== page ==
Kiley, Swygert and Kerner, Circuit Judges.
This is an action brought in federal court on the basis of diversity of citizenship to recover damages for injuries suffered by plaintiff while a passenger in a taxicab owned by defendant Yellow Cab Company, and driven by defendant Edwards. The jury rendered a verdict for the plaintiff from which defendants appeal.
The only question before the Court is whether or not the defendant Yellow Cab Company had contracted with the plaintiff as a common or private carrier. If Yellow Cab Company was a common carrier, it owed plaintiff a high degree of care, while if a private carrier, plaintiff was only owed an ordinary degree of care.
Plaintiff was visiting in Chicago, Illinois, and called defendant Yellow Cab Company which sent a cab driven by defendant Edwards to pick him up. Plaintiff told the driver that his destination was a motel located in Rosemont, Illinois, near O'Hare Airport. The driver called the dispatcher and asked whether the trip to Rosemont was a metered or flat rate. The dispatcher told Edwards that the rate was metered and Edwards then drove the cab toward Rosemont. The cab was involved in an accident en route to Rosemont and plaintiff was injured.
Whether a carrier is a common or private one is dependent on the nature of its tender. Rathbun v. Ocean Accident & Guarantee Corp., 299 Ill. 562, 566-567, 132 N.E. 754, 19 A.L.R. 140 (1921). If a carrier seeks to serve a particular class of individuals, it is a private carrier. A carrier which invites the general public is a common carrier.Hopkins v. Yellow Cab Co., 114 Cal.App.2d 394, 250 P.2d 330, 332 (1952). Common carriers are ones that make a "public profession" out of the carriage of "all who apply." 1 Hutchinson, On Carriers § 35 (3d ed.).
Defendants contend that since the Yellow Cab Company is licensed by the City of Chicago for carrying passengers within the city limits and, as a result, are not required to accept a contract for carriage outside the city, any trip to a destination outside the city limits involves a private contract of carriage. Further, counsel for defendants states that "In § 28-1(d), the Chicago Municipal Code defines the word 'taxicab' as a public passenger vehicle for hire 'when it is being operated between a point of origin and a destination within the corporate limits of the City.'"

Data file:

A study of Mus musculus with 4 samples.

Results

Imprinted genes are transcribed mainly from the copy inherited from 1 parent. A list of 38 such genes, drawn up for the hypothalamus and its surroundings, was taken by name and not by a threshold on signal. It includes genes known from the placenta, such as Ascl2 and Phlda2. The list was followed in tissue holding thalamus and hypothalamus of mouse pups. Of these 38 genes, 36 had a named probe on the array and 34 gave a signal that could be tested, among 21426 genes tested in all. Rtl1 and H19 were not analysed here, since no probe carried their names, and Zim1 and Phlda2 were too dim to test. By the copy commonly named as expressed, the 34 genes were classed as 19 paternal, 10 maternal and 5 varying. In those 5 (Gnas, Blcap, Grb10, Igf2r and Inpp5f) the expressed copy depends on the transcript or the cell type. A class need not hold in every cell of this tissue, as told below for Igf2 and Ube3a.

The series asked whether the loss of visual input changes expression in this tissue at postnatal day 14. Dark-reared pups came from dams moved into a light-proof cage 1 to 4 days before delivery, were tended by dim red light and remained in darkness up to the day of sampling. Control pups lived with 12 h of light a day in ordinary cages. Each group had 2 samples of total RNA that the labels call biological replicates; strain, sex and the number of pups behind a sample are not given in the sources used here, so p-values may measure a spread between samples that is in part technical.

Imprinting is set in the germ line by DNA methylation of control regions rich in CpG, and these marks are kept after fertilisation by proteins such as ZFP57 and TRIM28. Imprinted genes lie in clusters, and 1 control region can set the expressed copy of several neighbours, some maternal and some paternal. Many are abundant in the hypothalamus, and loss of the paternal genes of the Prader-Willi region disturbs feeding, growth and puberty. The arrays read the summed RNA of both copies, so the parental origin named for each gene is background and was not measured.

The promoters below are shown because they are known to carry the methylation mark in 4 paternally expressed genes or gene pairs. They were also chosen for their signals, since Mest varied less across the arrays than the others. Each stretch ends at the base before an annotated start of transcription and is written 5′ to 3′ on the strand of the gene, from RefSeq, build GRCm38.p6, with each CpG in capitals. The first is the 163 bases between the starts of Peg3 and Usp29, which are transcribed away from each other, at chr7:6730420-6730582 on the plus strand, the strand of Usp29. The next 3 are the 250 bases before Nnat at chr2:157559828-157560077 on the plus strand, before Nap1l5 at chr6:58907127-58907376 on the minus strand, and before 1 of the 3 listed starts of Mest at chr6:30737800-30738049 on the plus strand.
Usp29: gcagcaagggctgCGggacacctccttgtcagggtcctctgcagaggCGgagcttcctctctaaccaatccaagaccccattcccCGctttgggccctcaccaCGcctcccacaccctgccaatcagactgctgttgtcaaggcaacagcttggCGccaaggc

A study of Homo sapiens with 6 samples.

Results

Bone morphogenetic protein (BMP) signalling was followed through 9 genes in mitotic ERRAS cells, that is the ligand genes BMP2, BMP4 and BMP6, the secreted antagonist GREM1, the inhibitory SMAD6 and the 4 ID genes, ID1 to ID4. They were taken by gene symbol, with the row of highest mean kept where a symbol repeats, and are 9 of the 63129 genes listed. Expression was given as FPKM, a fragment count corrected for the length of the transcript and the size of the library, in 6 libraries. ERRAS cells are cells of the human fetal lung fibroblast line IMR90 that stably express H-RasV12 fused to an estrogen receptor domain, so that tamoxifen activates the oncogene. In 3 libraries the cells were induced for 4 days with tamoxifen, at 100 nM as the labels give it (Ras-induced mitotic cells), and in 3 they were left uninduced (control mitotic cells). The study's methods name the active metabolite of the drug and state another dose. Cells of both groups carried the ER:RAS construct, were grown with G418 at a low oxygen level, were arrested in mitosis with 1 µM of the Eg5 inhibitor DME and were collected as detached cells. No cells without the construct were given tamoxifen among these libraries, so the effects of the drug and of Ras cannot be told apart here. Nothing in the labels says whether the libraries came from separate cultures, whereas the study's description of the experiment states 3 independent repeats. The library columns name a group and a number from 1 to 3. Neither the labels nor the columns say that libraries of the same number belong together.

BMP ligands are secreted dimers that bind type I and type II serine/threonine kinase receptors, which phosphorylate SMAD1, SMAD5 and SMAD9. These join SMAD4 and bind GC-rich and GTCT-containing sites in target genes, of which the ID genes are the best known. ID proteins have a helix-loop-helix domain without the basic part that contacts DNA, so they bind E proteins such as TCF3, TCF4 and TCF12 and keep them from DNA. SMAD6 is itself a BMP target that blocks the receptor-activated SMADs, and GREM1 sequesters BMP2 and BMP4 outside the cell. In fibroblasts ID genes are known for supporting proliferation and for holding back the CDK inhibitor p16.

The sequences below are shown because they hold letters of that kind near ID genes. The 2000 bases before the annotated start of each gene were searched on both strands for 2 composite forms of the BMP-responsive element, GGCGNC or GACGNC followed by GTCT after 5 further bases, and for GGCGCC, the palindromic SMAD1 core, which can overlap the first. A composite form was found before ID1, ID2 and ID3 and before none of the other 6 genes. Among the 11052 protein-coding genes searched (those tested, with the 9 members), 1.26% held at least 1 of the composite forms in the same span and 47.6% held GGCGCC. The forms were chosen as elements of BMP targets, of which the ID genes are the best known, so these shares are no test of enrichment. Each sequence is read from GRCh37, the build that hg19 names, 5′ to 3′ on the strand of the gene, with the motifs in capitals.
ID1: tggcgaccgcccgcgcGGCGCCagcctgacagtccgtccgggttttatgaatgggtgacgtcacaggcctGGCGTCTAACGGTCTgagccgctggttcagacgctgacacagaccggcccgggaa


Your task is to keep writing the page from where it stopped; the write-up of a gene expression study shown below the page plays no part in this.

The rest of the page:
The Illinois Supreme Court in Rathbun v. Ocean Accident & Guarantee Corp., 299 Ill. 562, 567, 132 N.E. 754 (1921), held that the license issued by the municipality of Danville authorizing the carriage of persons within the city limits was not determinative as to a trip outside the city. A municipal corporation would have no authority to license a carrier outside the corporate limits of the city. Too, the definition of a taxicab in the city ordinance is misquoted by counsel for defendants:
§ 28-1(d) The word "taxicab" means a public passenger vehicle for hire only at lawful rate of fare which, when it is being operated between a point of origin and a destination within the corporate limits of the City, are as recorded and indicated by a taximeter; [Emphasis added.]
The ordinance merely provides the method of calculating the fare to be charged within the city limits.
The defendant Yellow Cab Company was acting as a common carrier when it picked up the plaintiff. The defendant held itself out as able and willing to carry all passengers within a reasonable radius of the city. It makes a "public profession" out of the carriage of people. When the defendant received the call in this case, it immediately responded by sending a cab. No question was asked as to plaintiff's destination. When the plaintiff told the driver where he was going, the driver called the dispatcher to inquire how to charge the plaintiff. There was no attempt to enter into a private contract of carriage. The defendant, Yellow Cab Company, was a common carrier prior to picking up the plaintiff and nothing transpired that would change its status.